I’m lucky. I grew up in a city. I had a good choice of where I wanted to watch the latest film releases. There were cinemas all over Cork City. But if I wished to see Hollywood’s biggest blockbusters then there was only one place to go – the Capitol on the Grand Parade.
The place closed down in December 2005 – soon after screening Harry Potter and Goblet of Fire. Only yesterday (Jan 25, 2016) did the demolition crews move in to reduce the old lady to rubble so the site could transform into shops and offices. Seeing the inside of the six-screen cineplex conjured up scenes from my movie-going past.
10) Showing off the Capitol
Cousins were visiting from Britain. We took them to see a film about a man who dresses up at night and fights another guy who wears way too much makeup.
9) Falling asleep during Clueless
It still stands as the only film to make me ‘rest my eyes’. My only regret is that I hadn’t fallen asleep sooner. Or brought along Homer Simpson’s jury duty glasses.
8) Wanting to walk out during Fargo
It’s controversial to say you don’t like a Coen brothers’ movie. Not me. I don’t like lots of them: Lebowski; True Grit; The Ladykillers. I like some: No Country; Raising Arizona; Oh Brother. But Fargo… Fargo should be put in a wood chopper. There, I said it.
7) Being pummelled by noise during Independence Day
I remember my seat shaking as the shadow of something huge made Neil Armstrong’s boot print erode in the lunar dust. That movie assaulted my senses. I loved every second of it.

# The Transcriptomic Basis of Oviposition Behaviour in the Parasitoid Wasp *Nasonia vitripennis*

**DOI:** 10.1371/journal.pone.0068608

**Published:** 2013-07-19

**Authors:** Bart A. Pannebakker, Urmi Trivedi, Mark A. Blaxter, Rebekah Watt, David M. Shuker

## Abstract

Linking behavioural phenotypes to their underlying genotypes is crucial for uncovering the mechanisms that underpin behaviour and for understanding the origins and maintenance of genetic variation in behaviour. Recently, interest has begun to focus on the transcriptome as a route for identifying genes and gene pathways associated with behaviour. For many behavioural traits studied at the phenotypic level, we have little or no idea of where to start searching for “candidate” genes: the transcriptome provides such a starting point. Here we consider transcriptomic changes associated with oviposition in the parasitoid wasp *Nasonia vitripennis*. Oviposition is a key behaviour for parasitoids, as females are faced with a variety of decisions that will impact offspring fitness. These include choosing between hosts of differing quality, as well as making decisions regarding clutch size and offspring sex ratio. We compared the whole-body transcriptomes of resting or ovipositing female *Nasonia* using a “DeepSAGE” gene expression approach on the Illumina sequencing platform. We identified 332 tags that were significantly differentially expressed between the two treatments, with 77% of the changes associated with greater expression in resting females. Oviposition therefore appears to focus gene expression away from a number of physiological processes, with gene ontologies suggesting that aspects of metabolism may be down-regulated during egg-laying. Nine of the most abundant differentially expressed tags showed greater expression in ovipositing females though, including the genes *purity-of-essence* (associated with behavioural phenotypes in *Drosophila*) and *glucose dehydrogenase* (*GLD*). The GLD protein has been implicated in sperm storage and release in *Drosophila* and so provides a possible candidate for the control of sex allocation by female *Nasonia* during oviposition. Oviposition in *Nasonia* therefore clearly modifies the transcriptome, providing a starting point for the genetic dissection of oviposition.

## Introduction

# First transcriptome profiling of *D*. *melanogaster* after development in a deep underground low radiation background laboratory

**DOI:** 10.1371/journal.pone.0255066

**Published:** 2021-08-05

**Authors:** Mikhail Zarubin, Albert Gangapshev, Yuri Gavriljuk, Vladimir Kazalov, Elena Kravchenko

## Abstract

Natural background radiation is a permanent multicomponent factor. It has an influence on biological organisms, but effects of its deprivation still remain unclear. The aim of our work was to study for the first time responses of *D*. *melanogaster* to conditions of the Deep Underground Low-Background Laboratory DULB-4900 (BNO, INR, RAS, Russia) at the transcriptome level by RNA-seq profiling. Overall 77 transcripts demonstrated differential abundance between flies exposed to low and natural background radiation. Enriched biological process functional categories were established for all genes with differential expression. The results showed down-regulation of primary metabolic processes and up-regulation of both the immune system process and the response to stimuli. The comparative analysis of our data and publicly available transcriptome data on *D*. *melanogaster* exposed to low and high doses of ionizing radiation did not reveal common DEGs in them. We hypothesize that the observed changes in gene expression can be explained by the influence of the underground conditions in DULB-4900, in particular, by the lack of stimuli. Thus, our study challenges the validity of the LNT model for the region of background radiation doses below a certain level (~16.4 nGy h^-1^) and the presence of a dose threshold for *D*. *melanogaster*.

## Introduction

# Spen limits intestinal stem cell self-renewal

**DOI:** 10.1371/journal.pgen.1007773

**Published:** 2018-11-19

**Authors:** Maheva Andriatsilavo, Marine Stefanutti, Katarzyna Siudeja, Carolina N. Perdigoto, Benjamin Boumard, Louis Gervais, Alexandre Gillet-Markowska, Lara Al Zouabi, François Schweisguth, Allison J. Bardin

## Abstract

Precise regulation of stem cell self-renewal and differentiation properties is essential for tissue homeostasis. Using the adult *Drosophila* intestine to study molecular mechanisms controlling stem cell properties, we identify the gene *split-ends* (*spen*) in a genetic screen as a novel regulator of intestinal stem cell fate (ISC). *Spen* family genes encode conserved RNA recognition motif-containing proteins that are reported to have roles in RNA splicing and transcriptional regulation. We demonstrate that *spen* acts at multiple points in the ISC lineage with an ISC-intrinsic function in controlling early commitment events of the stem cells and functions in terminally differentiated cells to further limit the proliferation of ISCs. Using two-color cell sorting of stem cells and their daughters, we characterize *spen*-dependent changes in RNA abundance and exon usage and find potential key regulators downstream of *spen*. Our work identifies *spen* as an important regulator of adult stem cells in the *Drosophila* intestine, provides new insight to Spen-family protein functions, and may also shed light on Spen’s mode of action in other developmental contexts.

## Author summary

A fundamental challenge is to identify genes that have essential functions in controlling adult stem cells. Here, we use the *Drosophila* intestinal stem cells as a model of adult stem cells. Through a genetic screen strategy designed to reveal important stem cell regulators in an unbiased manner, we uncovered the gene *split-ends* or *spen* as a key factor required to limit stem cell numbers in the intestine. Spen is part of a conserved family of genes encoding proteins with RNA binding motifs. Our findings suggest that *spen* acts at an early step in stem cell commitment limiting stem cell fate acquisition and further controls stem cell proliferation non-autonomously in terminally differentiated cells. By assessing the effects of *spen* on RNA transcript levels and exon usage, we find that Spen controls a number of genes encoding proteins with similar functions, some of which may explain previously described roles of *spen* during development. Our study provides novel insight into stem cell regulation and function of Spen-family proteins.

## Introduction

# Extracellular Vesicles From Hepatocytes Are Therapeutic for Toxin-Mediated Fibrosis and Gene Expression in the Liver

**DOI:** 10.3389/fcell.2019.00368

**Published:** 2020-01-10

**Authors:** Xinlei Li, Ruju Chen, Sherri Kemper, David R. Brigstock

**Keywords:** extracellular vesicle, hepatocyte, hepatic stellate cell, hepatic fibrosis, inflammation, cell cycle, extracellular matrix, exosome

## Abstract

6) Being terrified by the Hulk
The Hulk already looked massive on television. Imagine the fear of seeing the Big Green Monster on a cinema screen for my first trip to the ‘pictures’.
5) Loving The Goonies
My enduring memory of this brilliant adventure story is queuing for tickets on the Capitol’s plush wine carpet and staring at the poster in the foyer. Look at those kids! I need to be one of them!
4) Enduring Titanic
The queue for this went from the box office, across the foyer, around the corner, and halfway down the hall towards one of the smaller screening rooms. It took us an age to get to our seats. It took another age to get through the movie. What made it worse is that I knew how it was going to end…
3) Watching the film melt on Private Parts
About halfway through the Howard Stern comedy the reel melted and blistered away, leaving only a bright white screen. The audience sat in silence for two long minutes before a staff member pulled open the door and dashed up the centre aisle. We were told we could get our money back at the box office. The meltdown was the most exciting part of the film.
2) Falling in love with Jodie Foster
The Silence of the Lambs was supposed to be a terrifying, edge-of-the-seat thriller with the best baddie since Vader. I didn’t notice. I was too engrossed in the heroine. I was sixteen. She was mesmerising.
1) Leaving in a daze after Trainspotting
It was a long, long time before I could speak after watching this. If Independence Day was an assault on the senses, Trainspotting was a relentless attack on the mind. The acting, visuals, the music. The vitality of the film. The toilet scene. The baby on the ceiling. The tension every time Begbie came into frame. They’re doing a sequel now. But it won’t be the same. I’ll see it, but it’ll probably be in some sanitised Maxx cinema with 3D option. It won’t be at the Capitol, where you could slip your arm around your girl’s shoulder, shovel vast amounts of hot popcorn into your mouth, and be transported to another world, if only for a couple of hours at least.